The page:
The Truth About Empty Beds: Administration Sheds Light on AUC-DUWO Financial Agreement

By Lilli Kuechle

— AUC’s relationship with the Dutch student-housing non-profit organization DUWO is a common gripe among its students, with complaints on the Excellent and Diverse Students of AUC Facebook group ranging from security issues and high costs to broken laundry machines and magnetic keys. One recurring rumour is that AUC purposefully keeps beds in the dorms empty as part of their agreement with DUWO. This happens to be partially true, but the situation isn’t so cut and dry.

According to AUC’s Managing Director Belinda Stratton, there are currently around thirty empty beds in double- and four-person rooms out of a total of 806 residences. The school currently budgets around €200,000 per year to make up for DUWO’s lost revenue due to these vacancies. The actual amount paid to DUWO depends on the exact number of vacant rooms in a given year.

Stratton explained via email that “loss of revenue due to empty places averages about 0.5% in DUWO’s regular student housing. In the agreement between AUC and DUWO, it was agreed that any loss of revenue above the 0.5% in the AUC housing could not be carried by DUWO. They currently submit a detailed declaration twice a year, and invoices [sic] AUC for [the difference].”

Third-year social sciences student, Student Council and Tenant’s Association member Anouk ter Linde says there are several reasons for these spaces being kept empty. The main one is the mid-winter shuffle that occurs during the January intensive, when the February-entry third years move out and new first years move in along with the spring exchange students. The graduating third years do not have to move out until January 31st, but the incoming first-years’ contracts already begin on January 1st. This creates unavoidable vacancies beginning in early February. Empty spaces are also created when students drop out or transfer, and according to Stratton, the target retention rate at AUC is currently about 10% per year.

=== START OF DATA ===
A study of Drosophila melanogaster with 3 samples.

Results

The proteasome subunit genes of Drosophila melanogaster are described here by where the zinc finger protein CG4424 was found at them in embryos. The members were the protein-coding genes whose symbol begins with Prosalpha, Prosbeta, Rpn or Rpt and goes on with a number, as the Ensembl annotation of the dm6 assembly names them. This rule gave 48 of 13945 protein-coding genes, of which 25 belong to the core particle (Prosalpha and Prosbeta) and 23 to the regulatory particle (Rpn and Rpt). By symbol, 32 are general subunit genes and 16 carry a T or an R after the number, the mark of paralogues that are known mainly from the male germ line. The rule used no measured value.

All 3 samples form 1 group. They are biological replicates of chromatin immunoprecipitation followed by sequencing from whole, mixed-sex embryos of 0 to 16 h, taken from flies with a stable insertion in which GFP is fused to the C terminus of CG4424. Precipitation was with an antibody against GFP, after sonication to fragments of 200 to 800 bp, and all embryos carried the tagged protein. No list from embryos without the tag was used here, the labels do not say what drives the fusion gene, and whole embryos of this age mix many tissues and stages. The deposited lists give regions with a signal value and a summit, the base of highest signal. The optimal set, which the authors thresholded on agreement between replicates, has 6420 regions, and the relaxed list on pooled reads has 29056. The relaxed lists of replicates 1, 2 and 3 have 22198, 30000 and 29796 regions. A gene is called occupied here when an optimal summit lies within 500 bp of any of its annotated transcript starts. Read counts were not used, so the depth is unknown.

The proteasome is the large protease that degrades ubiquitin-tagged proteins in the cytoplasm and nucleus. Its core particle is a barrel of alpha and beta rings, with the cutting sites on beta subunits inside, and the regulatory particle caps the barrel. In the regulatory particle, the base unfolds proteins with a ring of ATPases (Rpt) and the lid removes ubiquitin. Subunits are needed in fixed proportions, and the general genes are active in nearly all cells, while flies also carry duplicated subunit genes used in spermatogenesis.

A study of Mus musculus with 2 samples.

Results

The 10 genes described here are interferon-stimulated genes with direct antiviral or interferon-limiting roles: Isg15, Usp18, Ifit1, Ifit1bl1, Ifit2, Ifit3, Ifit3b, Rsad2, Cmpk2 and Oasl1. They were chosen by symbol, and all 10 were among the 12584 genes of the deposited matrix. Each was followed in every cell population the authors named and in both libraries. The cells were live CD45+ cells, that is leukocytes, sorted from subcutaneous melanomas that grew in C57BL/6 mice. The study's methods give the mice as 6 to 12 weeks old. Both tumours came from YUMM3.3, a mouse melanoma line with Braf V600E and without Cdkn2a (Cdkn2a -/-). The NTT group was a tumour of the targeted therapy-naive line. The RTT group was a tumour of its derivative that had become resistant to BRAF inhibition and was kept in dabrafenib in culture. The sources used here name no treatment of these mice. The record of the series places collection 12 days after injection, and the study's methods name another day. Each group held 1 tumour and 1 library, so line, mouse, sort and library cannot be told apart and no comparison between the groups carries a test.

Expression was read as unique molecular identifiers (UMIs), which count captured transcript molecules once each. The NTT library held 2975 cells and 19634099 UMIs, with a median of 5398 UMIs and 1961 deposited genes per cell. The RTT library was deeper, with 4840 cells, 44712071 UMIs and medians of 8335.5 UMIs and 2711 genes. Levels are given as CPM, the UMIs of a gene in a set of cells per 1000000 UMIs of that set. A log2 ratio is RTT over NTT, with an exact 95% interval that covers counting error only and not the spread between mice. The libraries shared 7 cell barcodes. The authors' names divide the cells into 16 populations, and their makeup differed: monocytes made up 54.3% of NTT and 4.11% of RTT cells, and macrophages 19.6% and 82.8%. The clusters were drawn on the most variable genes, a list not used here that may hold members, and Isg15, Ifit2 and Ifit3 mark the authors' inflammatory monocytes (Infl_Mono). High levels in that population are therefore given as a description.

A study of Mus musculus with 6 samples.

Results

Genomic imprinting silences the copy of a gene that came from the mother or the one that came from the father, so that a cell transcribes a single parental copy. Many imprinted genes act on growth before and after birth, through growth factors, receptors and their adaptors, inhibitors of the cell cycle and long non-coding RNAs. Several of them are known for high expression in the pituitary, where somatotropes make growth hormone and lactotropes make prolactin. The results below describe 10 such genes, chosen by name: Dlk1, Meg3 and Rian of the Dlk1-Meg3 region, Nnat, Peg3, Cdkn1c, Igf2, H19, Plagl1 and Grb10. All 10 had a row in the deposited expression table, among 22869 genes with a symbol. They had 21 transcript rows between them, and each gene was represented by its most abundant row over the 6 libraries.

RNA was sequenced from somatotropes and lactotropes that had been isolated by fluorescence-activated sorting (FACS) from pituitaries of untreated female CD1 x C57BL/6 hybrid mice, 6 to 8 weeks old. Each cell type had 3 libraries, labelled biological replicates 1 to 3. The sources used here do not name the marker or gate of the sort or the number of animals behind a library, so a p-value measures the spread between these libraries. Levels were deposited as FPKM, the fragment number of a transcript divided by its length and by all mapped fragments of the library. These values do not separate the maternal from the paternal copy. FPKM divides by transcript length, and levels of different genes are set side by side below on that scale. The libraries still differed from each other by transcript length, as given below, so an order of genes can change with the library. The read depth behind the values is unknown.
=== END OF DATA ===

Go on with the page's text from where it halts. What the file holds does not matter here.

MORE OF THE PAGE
The university wants to reduce the number of empty spaces as much as possible. “We work closely with DUWO on finding ways to fill empty places temporarily with suitable student tenants if it is not possible to fill them with AUC students, but this isn’t easy,” Stratton explained.

In the past, empty spaces in the AUC building have been rented out to UvA or VU students, with mixed results. According to Marcus Smit, AUC’s Team Leader for Internationalization, Services and Communication, several UvA exchange students were placed in the AUC building due to an acute housing shortage for exchange students. “It didn’t work out well in some cases, when the AUC students already made [the] dorms their own and then had new students coming in [to their room],” Smit said via email.

Third-year social science student Floris Cobben was roommates with one of the UvA students this past fall. He claimed that DUWO only gave him three days notice on his new roommate. He said he didn’t mind having UvA students in the dorms in principle but “the problem is that they never consulted the student body properly about this.”

DUWO did not respond to requests for comment by the time of publication.